Two paths lead to the 2015 Sabbat in Baltimore. One path picks up where the Bible ends, travels to the Bogomils, and reaches a secret European witch cult and eventually Salem, Massachusetts. The other path is via Cosimo de’Medici and his importation into Italy of subversive texts, which eventually helped dethrone Euclidean geometry. (Background: “One Step Beyond” in Baltimore, Ersjdamoo’s Blog, May 1, 2015.)
In 1462, Marsilio Ficino was suddenly ordered by his patron, Cosimo de’Medici, to drop everything and immediately begin translations of writings by a mysterious Hermes Trismegistus. Who was this Hermes? “Despite resentment of Hermes as a pagan god, Moslem authors covered themselves with his authority in their researches in astrology, alchemy and talismanic magic.” 
In Marsilio Ficino’s preface to “Book on the Power and Wisdom of God, Whose Title is Pimander”, Mercurius Trismegistus is described as “Thrice Greatest” – greatest philosopher, priest and king. Hermes Trismegistus had contemplated physical and mathematical topics first, before he moved on to divine contemplations. 
Cosimo II de’Medici had as his ancestor Cosimo de’Medici, the avid bibliophile. It was Cosimo II who nurtured Galileo Galilei, Bonaventura Cavalieri, and Evangelista Torricelli. They would have had access to the fabulous occult library of the first Cosimo. The method of the little pebbles, the Calculus, did not miraculously appear with Isaac Newton and Gottfried Leibniz nor with Galileo, Cavalieri, and Torricelli, but was pondered upon in some form by the ancients. Was a secret “Book of Giants”, revealing, in part, mathematical secrets of Enoch, quietly passed into the hands of Isaac Newton? Is that what he meant when he said he had “stood on the shoulders of giants”? (Background: Aristotle’s Wheel and the Calculus Conspiracy, Ersjdamoo’s Blog, April 29, 2015.)
It has been discovered that Isaac Newton “used the ancient theology motif in his Principia and was still working at Hermetic alchemy in the early 1690s.” 
The Bogomils believed the true god had had two sons: Satanael, the eldest, and Jesus, the youngest.  Cain also had been the eldest and Abel had been the youngest. Later, after Abel had been murdered by Cain, Adam and Eve had a third son, Seth. (Genesis 4: 25). In 1945, Hermetic writings were discovered amongst the Nag Hammadi Codices. A major group of these documents are called “Sethian” because they give prominence to Seth.  The Sethian writings and others, including Hermetic writings, found at Nag Hammadi, were overall described as “The Secret Books of the Egyptian Gnostics” in 1960 by one Jean Doresse.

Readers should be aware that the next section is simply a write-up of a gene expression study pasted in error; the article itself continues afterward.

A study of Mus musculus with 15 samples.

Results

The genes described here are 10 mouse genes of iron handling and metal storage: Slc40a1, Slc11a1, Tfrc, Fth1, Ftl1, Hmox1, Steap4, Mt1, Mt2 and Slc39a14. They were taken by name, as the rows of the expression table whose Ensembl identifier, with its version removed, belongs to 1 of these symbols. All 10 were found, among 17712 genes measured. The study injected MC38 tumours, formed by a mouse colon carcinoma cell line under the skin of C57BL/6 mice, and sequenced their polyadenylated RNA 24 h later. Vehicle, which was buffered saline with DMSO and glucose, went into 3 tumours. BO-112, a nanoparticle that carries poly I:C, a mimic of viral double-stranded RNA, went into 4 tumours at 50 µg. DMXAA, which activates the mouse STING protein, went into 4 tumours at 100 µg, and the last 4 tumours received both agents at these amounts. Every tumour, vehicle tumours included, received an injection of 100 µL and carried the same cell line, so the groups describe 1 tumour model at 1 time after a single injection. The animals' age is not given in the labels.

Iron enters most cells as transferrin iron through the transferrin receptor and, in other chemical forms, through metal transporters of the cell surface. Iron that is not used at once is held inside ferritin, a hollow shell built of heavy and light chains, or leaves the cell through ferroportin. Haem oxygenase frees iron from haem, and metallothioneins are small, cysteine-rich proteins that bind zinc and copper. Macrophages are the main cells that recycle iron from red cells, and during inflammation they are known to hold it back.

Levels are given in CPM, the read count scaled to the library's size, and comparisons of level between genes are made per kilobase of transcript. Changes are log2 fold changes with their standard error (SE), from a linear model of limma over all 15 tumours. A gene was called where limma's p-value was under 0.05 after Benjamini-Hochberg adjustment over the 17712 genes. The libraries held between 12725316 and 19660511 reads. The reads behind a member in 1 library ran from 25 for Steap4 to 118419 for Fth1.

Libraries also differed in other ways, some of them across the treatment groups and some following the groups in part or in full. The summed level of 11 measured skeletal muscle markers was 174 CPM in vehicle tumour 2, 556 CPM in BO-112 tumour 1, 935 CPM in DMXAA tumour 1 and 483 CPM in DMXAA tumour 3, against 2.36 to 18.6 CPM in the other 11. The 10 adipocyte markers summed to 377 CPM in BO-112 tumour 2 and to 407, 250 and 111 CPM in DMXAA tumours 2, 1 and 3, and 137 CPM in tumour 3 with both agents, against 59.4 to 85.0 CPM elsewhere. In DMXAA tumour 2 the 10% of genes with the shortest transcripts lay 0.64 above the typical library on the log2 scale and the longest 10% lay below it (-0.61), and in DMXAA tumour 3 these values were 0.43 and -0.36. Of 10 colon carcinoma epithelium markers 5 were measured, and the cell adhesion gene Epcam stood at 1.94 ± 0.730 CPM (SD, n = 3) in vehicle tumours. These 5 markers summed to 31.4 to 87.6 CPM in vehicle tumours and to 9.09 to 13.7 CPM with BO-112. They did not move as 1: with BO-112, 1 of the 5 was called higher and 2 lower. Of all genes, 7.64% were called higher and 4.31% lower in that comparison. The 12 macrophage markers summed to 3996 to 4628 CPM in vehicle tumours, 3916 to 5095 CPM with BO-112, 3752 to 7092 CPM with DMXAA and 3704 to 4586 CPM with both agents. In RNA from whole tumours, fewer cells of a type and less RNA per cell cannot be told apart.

Dame Frances Yates caused an uproar in 1968 when, in a scholarly article, “she made Hermes a major figure in the preliminaries to the scientific revolution, just two years after J.E. McGuire and P.M. Rattansi had connected Newton’s physics with the ancient theology theme so closely associated with Hermes.” 
Hermes was on the loose! Euclid’s geometry was slowly being undermined. Euclid was “the unassailable bastion of reason itself.” The implications of Euclid were broad. Only if Euclidean geometry were saved would chaos be defeated. 
The crux of the matter was quadrature of the circle, also known as squaring the circle. Using only a straight edge and a compass the area of a circle must somehow be expressed in terms of square units of area. 
Unless the circle could be squared, this implied dark corners where the light of reason does not shine. Thomas Hobbes took up the challenge of constructing a square equal in area to a given circle. 
Did Hobbes solve the problem? He said yes, he did. For Hobbes it involved reconsideration of what points, lines, and planes actually were. A mathematical point has no dimension. A line is composed of an infinity of points. But how can an infinity of points having zero dimension ever make up a line? Zero multiplied by infinity equals zero. For Hobbes, motion also had to be part of geometry. 
——- Sources ——-
 Introduction, by Brian P. Copenhaver. Hermetica. Cambridge University Press, 1992.
 Secret Societies, by Nesta H. Webster. New York: A&B Books, 1994.
 “Nag Hammadi Library”. The Oxford Companion to the Bible. Oxford University Press, 1993.
 Infinitesimal: How a Dangerous Mathematical Theory Shaped the Modern World, by Amir Alexander. Scientific American / Farrar, Straus and Giroux; April 8, 2014.
 e: the Story of a Number, by Eli Maor. Princeton, NJ: Princeton University Press, 1994.